Demand for Freight Drives Up Spot Market Rates

Demand for Freight Drives Up Spot Market Rates: Trucking has observed a turnaround bolstered by spot market rates and increased demand.

“This has been a very fast-evolving environment,” said Avery Vise, FTR vice president of trucking research. “So if you go back to the April and even May time frame, we saw a fairly significant decline in rates in the spot market. You don’t tend to see contract rates change that quickly.”

“There are definitely strong upwards trends in both demand and rates,” Nick Wynkoop, product manager for rates and analytics at, told Transport Topics. “Usually in past Junes, we’ve had yearly peaks in spot markets. That’s usually the highest month. This year, instead of dropping off for July and August, we have continued the upward trend for spot freight.”

The dry van segment weekly report had the most significant year-over-year spot rate increase at 35% for the week ended Aug. 7. The refrigerated segment followed at 27%. The flatbed segment was up 12%.

“We’re talking about levels similar to the increases we saw in the peak in 2018, [when results were up 16%],” Vise said. “But there are differences that are important. One is, we have a demand-driven response here that is combined with capacity. Both are setting the stage for this.”

Spot market rates apply to shipments that need to be move instantly. Contract rates are the price also agreed upon to move a type of shipment over a certain amount of time.

“We’ve seen a pretty dramatic firming of the rate environment,” Vise said. “If you look back to mid-April, we were down on the order of 25% year-over-year in spot rates. At this point, total spot rates are up about 17%.”

“States are reopening at different rates and are being hit by the virus at different times. This is leading to unseasonal peaks and valleys in manufacturing output and consumer demand,” Ken Adamo, DAT chief of analytics, said Aug. 13.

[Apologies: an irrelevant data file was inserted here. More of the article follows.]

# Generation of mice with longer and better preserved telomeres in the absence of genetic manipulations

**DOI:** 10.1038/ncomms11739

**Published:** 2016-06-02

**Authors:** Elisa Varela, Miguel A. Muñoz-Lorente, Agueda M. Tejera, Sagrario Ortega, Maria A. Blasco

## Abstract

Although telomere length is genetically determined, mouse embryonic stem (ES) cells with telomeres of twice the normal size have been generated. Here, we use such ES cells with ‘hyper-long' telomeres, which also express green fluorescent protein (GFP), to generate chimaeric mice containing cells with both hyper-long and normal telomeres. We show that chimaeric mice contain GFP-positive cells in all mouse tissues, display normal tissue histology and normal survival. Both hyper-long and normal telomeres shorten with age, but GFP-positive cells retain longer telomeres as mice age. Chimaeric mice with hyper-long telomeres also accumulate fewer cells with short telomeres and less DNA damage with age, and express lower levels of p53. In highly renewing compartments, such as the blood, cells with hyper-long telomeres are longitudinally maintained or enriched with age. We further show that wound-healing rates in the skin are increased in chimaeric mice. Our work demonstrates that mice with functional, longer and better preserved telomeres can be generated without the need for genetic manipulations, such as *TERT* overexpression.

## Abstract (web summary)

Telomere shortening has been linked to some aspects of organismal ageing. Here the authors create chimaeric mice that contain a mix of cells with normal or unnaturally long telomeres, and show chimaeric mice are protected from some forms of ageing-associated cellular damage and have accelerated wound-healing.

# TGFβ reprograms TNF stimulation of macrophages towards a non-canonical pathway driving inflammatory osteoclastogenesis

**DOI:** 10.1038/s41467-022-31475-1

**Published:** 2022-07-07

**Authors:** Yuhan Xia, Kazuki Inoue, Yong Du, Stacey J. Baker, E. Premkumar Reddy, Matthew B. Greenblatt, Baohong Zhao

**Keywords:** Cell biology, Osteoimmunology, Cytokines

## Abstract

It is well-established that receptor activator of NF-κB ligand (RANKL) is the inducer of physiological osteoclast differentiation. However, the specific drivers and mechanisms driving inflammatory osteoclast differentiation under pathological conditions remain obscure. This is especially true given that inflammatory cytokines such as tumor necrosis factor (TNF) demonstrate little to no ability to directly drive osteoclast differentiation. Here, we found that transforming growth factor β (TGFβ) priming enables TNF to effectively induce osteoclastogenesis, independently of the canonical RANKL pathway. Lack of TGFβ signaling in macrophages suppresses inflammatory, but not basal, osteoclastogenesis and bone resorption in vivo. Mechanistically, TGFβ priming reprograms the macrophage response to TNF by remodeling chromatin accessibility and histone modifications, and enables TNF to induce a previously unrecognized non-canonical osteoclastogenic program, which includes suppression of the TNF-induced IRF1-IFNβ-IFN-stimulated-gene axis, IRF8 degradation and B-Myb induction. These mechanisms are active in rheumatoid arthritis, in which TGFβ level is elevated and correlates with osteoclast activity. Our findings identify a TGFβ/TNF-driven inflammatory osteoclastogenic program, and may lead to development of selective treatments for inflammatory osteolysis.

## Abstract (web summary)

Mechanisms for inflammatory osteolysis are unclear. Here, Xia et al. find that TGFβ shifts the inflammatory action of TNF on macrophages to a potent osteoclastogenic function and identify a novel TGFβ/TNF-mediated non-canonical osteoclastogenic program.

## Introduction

“Carrier networks are out of balance due to inconsistent freight demand at a commodity and lane level, and this is leading to a spike in demand for spot freight in order to meet the capacity need,” he added.

The volumes in July were up less than 1% month-over-month. The load-to-truck ratio was 7.4, four times higher than April’s all-time low of 1.7 loads per truck. The rate was $2.30 per mile, up 15 cents compared with June, and 11 cents higher year-over-year.

“With COVID, supply and demand have been all over the place,” said Kevin Zweier, vice president of transportation at Chainalytics. “Demand for shipments were down when we were in March, April, and May, and then it started coming back in June, July, and August. That’s where we’ve been seeing the rise in spot rates.”

Trucking companies have had to adapt to demand shifting considerably in favor of retail since more people have been staying in instead of going out to restaurants and bars.

“All of these things are adding up,” Adamo said. “Spot rates are up. At their lowest, they may be $1.35 in April when we saw all the restaurants were closed and people weren’t going out. And now we’re seeing rates bumping up if not exceeding $2 a mile for the spot market. That’s just tremendous. Unprecedented levels of rate increases.”